Five years in which the world changed
"Our job as columnists is to throw bricks through windows," that veritable old man of letters Chris Moerdyk told me when I first started writing this column nearly six years ago.
Moerdyk, and the then Times editor Ray Hartley, urged me to say the provocative things that needed to be said. Chris never had to suffer the grey hairs I gave Ray, and Phylicia Oppelt later on.
This is, unfortunately, my last column for The Times.
It's been a helluva ride. Technology has irrevocably changed in that time, and changed our lives.
When I began, you still had to explain tech to people. Now they know it like digital natives.
Smartphones have become our new computer, while cloud-based services have made computing more mobile. Five years ago, 90% of what we did on cellphones was make voice calls, now that's down to 26%. Cellphone networks are now blazingly fast broadband providers, giving us an always-on, available-anywhere world of hyperconnectivity previously only imagined by science fiction writers.
Once seemingly insurmountable giants of technology are being outstripped by new ones.
Microsoft, Sony, Yahoo, BlackBerry, Nokia and others have all fallen on hard times. Apple, Google and Samsung now command those heights; while social media has overtaken all else to become our default means of staying in touch.
It's hard to imagine a world without Facebook and Twitter, as all this hyperconnectivity has forever turned us into Crackberry-like thumb-twitching BBMers.
It's deeply ironic that it's called "social media" when it should be "isolated media".
We're all sitting on our phones in this bubble of isolation foolishly believing we're experiencing togetherness.
This column started in 2007, the year that the late Steve Jobs produced his most famous "and one more thing" - the iPhone.
How technology, and the world, have changed since that large touchscreen smartphone made its debut. Yet I foolishly turned down an invitation to attend that launch in California.
Phones had been getting smaller until the device, dubbed "the Jesus phone" by many, changed all that - precipitating a shift towards mobiles becoming the centre of our lives and hastening the death of the keyboard. Out of the touchscreen nirvana that followed, we got the iPad and other tablets.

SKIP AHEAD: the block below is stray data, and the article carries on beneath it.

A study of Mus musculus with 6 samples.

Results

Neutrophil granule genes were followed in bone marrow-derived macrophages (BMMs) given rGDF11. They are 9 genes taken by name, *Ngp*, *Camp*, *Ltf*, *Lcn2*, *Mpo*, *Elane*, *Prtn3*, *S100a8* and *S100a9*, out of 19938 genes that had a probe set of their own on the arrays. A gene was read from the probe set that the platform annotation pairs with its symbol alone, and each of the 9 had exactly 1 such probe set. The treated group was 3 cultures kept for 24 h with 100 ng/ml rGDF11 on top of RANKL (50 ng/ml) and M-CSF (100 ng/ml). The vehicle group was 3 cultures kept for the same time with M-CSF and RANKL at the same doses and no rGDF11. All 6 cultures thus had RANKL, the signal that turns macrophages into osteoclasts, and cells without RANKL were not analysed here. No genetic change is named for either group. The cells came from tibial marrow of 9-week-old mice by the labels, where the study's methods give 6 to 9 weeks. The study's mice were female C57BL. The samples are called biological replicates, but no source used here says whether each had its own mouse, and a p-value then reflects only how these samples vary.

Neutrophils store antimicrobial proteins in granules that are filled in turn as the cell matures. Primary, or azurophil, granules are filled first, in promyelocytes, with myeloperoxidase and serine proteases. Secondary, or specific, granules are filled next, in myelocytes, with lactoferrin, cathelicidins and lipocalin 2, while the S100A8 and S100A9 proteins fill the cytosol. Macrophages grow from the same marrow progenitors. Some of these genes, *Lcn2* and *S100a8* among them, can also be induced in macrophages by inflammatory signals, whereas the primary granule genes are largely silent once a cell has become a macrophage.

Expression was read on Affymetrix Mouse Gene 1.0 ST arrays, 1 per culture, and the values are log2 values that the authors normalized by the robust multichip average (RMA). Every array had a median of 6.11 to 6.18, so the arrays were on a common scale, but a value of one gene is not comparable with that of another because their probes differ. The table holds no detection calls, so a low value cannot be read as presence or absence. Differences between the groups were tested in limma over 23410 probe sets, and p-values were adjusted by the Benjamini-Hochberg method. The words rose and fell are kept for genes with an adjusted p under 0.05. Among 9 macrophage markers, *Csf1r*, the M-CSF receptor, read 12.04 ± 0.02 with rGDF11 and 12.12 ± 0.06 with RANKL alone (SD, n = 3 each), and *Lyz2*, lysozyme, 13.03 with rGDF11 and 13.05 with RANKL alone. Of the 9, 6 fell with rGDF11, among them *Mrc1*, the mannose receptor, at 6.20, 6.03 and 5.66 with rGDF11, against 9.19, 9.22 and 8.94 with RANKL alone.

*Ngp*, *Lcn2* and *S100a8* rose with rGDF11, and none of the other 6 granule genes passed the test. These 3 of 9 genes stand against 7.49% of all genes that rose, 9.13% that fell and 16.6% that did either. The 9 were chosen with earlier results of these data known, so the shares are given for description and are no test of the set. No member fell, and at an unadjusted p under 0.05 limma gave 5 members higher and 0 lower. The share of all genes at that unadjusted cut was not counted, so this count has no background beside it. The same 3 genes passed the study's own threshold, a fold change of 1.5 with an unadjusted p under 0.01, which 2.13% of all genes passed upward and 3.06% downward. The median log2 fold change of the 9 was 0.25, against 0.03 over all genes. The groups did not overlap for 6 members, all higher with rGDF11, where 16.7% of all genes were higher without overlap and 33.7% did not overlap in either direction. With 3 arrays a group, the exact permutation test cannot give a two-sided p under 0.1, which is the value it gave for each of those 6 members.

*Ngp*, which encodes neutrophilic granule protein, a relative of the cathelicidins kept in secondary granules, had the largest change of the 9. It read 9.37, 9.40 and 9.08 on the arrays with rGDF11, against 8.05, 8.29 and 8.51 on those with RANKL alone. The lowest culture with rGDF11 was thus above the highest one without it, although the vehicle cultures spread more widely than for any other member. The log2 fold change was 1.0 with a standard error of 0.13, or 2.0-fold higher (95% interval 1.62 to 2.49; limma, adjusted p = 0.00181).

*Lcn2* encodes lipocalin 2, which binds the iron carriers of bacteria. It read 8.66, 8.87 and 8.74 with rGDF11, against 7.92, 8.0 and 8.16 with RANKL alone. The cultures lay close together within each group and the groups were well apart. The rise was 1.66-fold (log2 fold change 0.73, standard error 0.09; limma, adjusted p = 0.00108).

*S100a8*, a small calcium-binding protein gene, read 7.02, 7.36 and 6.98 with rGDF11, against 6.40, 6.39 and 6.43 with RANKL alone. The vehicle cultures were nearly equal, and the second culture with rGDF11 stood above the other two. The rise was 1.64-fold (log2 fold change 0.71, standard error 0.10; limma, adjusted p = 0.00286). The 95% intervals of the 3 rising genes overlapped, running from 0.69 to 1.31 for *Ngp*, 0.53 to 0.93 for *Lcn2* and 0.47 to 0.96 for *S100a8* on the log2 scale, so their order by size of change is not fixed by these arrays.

Now smartphones outsell personal computers, and it won't be long before tablets do the same.
Microsoft and Intel, the duopolists of the desktop era, are outside looking in, as Google's Android and Apple iOS have usurped their roles in this mobile era.
In these six years we've seen Apple becoming the most valuable company in the world, poignantly overtaking Exxon Mobile in a uniquely 21st-century signifier that tech has usurped the oil industry.
South Africa has also changed significantly, sadly not for the better. From a president more obsessed with denying that HIV causes Aids, we've now stumbled into a leader whose administration is so mired in corruption, nepotism and incompetence scandals that it has destroyed what was left of the Rainbow Nation glow.
In the course of this column we've been part of two rugby world cups, two cricket world cups and the Fifa World Cup, which we hosted to worldwide acclaim.
The Springboks' 2007 rugby world cup victory in France was not the only sporting highlight - we saw Oscar Pistorius make history by being the first disabled person to compete in the Olympic Games - but then coach Jake White's assertion that he won it in spite of South African rugby always resonated with me. I know that feeling.
But I am off to greener pastures and I am now the publisher and editor of that fine little magazine, Stuff. You can follow my future movements on stuff.co.za. Thank you and goodbye.